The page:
Two thousand grams. 4.4 pounds. That’s it. That’s all this fork weighs. A fork that has smashed its way to multiple Enduro World Series victories, endless laps in bike parks, and countless sketchy descents. If nothing else, the fact that a 160 mm-travel 29er fork can weigh less than a Chihuahua and still be capable of being ridden at tremendous speeds over terrible terrain is an amazing feat.
But that is just a tiny part of the story with this fork. The big news is a new air spring with the EVOL negative spring upgrade. EVOL stands for Extra Volume, and that volume is an increase in the size of the negative spring chamber. Upping the negative spring size in comparison to the main spring chamber should create more plushness in the beginning of the stroke. Fox also reduced the number of seals in the air spring to fight the dreaded static friction, aka stiction.
Fox seems dedicated to keeping the 36 available for bikes of all ages. With support for 26 inch wheels and 1 1/8 head tubes, you can update your beloved older bike with the most modern of technologies. There is also support for 15×100 and 20×110 (non-Boost) axles along with 15×110 Boost.
I’ve been on the FIT HSC/LSC damper in a 150 mm 29er chassis, with the 15 mm quick-release axle option, which is new for 2018. Previously, the HSC/LSC damper was only available with pinch bolt lowers, but it looks like at least some riders want fast wheel changes and fully adjustable damping.
And finally, Fox added a pressure and rebound guide to the back of the fork leg. This seems like a minor thing, but being able to get in the ballpark before setting sag always saves time. I found the settings to be accurate enough as a starting point, and for riders that are often winging it, they are a much better starting point than just guessing.
I added two air volume spacers as a starting point, and never experimented with more. It is easier to install these as there is no longer a shaft in the air spring, so the spacers just snap on and off.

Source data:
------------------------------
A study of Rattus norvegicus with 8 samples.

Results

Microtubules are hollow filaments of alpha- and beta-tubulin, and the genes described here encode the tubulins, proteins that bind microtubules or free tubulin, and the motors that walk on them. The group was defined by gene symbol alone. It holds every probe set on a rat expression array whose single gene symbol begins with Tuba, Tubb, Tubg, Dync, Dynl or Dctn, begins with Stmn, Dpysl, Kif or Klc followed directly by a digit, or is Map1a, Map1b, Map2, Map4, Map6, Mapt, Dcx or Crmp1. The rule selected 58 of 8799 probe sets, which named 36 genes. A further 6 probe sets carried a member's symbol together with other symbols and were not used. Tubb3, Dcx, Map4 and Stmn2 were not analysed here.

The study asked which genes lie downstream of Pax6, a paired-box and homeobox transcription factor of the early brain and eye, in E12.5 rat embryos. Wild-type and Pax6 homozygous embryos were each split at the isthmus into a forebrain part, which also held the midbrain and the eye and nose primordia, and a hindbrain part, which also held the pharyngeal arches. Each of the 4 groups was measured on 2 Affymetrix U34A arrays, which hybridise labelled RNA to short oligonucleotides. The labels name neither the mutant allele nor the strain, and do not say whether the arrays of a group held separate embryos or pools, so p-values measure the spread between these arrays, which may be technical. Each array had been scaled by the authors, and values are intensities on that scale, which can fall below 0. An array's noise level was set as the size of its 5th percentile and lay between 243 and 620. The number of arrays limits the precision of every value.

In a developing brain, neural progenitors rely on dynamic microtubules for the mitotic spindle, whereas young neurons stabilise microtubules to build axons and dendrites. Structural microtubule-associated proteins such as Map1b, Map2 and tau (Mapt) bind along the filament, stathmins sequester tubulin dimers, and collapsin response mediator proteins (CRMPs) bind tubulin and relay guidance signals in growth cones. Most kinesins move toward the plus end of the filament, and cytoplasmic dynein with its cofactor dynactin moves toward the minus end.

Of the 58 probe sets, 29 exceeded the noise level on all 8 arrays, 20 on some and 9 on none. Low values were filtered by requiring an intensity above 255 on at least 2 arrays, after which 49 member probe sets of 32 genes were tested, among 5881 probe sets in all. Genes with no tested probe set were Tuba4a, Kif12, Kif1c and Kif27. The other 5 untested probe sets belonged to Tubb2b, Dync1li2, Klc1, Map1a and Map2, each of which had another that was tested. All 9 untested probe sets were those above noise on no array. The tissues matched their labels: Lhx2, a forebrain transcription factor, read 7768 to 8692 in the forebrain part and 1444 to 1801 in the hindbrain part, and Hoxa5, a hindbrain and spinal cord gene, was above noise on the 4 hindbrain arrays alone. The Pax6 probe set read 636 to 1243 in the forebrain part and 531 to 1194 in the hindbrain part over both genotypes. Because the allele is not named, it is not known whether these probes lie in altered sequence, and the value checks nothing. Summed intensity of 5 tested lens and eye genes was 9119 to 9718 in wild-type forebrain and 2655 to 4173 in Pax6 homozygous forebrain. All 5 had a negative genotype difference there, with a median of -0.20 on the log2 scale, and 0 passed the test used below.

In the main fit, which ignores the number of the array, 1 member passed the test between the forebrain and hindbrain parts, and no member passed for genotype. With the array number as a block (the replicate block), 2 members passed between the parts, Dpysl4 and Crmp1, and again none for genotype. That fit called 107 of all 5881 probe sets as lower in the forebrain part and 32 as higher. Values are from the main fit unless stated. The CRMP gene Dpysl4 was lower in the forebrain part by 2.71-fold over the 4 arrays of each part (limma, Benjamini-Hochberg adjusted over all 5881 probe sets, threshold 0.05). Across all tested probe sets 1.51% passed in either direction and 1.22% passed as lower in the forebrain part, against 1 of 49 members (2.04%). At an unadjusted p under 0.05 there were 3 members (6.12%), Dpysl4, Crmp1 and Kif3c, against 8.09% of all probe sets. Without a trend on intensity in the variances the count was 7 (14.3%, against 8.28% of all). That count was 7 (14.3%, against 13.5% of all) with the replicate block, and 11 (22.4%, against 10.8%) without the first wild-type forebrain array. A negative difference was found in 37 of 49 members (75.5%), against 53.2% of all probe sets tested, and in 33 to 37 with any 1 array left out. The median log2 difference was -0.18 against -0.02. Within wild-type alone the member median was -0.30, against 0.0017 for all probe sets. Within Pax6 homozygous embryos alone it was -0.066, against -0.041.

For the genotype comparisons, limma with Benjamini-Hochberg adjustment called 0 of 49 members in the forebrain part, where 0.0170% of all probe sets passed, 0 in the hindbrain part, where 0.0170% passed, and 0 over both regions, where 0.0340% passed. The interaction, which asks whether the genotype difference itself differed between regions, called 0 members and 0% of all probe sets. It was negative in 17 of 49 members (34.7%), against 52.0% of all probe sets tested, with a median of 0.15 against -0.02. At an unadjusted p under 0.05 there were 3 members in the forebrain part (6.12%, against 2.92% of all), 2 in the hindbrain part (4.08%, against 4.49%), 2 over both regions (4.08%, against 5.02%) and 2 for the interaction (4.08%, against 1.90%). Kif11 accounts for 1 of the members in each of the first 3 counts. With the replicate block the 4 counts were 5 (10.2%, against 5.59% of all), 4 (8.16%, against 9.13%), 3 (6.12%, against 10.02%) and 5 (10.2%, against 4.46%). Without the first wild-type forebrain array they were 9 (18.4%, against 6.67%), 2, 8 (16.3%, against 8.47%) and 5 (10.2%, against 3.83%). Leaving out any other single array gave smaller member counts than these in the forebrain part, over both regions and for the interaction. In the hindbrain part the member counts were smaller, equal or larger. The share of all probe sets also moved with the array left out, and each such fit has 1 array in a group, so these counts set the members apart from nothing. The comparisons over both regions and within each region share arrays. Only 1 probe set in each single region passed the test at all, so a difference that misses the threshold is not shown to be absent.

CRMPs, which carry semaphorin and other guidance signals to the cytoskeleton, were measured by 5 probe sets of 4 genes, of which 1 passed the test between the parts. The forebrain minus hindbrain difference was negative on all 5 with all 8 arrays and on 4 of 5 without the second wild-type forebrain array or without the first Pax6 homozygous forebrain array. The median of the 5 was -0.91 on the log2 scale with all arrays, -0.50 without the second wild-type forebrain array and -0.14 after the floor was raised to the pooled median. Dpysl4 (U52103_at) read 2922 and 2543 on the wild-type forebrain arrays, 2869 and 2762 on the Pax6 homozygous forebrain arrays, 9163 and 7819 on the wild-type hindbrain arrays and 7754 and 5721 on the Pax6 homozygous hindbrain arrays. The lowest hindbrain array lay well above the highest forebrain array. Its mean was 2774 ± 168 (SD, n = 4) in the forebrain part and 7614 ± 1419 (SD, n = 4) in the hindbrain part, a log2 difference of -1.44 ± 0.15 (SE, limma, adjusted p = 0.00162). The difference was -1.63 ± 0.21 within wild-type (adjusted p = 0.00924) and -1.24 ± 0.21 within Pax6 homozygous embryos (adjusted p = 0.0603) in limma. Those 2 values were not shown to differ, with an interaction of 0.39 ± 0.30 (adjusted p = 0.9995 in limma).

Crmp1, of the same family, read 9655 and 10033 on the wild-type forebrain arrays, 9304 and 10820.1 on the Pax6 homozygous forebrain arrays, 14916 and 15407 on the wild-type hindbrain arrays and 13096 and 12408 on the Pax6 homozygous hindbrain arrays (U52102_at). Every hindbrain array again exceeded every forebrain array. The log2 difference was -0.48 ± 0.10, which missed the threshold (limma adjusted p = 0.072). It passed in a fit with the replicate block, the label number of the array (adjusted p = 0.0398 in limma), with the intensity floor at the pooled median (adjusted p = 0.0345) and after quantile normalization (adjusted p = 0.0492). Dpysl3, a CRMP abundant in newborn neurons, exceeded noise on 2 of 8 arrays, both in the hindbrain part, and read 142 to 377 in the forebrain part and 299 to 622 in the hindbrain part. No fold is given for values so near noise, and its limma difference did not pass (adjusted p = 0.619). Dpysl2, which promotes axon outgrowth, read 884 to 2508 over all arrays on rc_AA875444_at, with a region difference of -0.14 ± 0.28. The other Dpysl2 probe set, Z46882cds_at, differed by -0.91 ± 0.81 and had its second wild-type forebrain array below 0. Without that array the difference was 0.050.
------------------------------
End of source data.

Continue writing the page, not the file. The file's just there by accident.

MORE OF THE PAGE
I bolted this to the front of a Pivot Switchblade, which happened to have a 2017 36 installed from the factory, giving me some good back-to-back comparison testing.
As advertised, the EVOL spring creates a very, very plush fork. It also seems to create a very supportive mid-stroke, and the two spacers kept me from ever bottoming harshly. Low-speed compression was set to six from full open, high speed three from open. Rebound was eight from full fast, which was faster than recommended.
At those settings this fork was fully set and forget. I sometimes missed the lockout lever, but that was mostly on pavement. In the woods, this fork matched well with the dw-link rear suspension, which was surprising. It is amazing that a fork that feels this plush can also feel so controlled. It takes a bit to tune things in, but it is fully worth it to end up with a fork that feels so darn good almost everywhere.
Some part of me feels a little silly reviewing this fork. Watching the likes of Ritchie Rude absolutely own the trail during EWS races reminds me that there is plenty of performance to be unlocked in the 36. But I was able to tune this fork to work well for me, and there seemed to be plenty of room left to make it much more shreddy, or much plusher.
Normally, I’m not one to ride around on more bike than I need, but this new 36 has really started to change my mind. It is less than a half pound heavier than a similar Fox 34, but is noticeably stiffer. This new 36, combined with something versatile like the Pivot Switchblade, has me rethinking the idea that I could have a bike that is capable of park days and works well on my local singletrack. A few years ago I would have said the 34 is the true Goldilocks of the Fox lineup, but I’m wondering why bother with that when this big, bad wolf is capable of being both a lap dog and a rabid beast.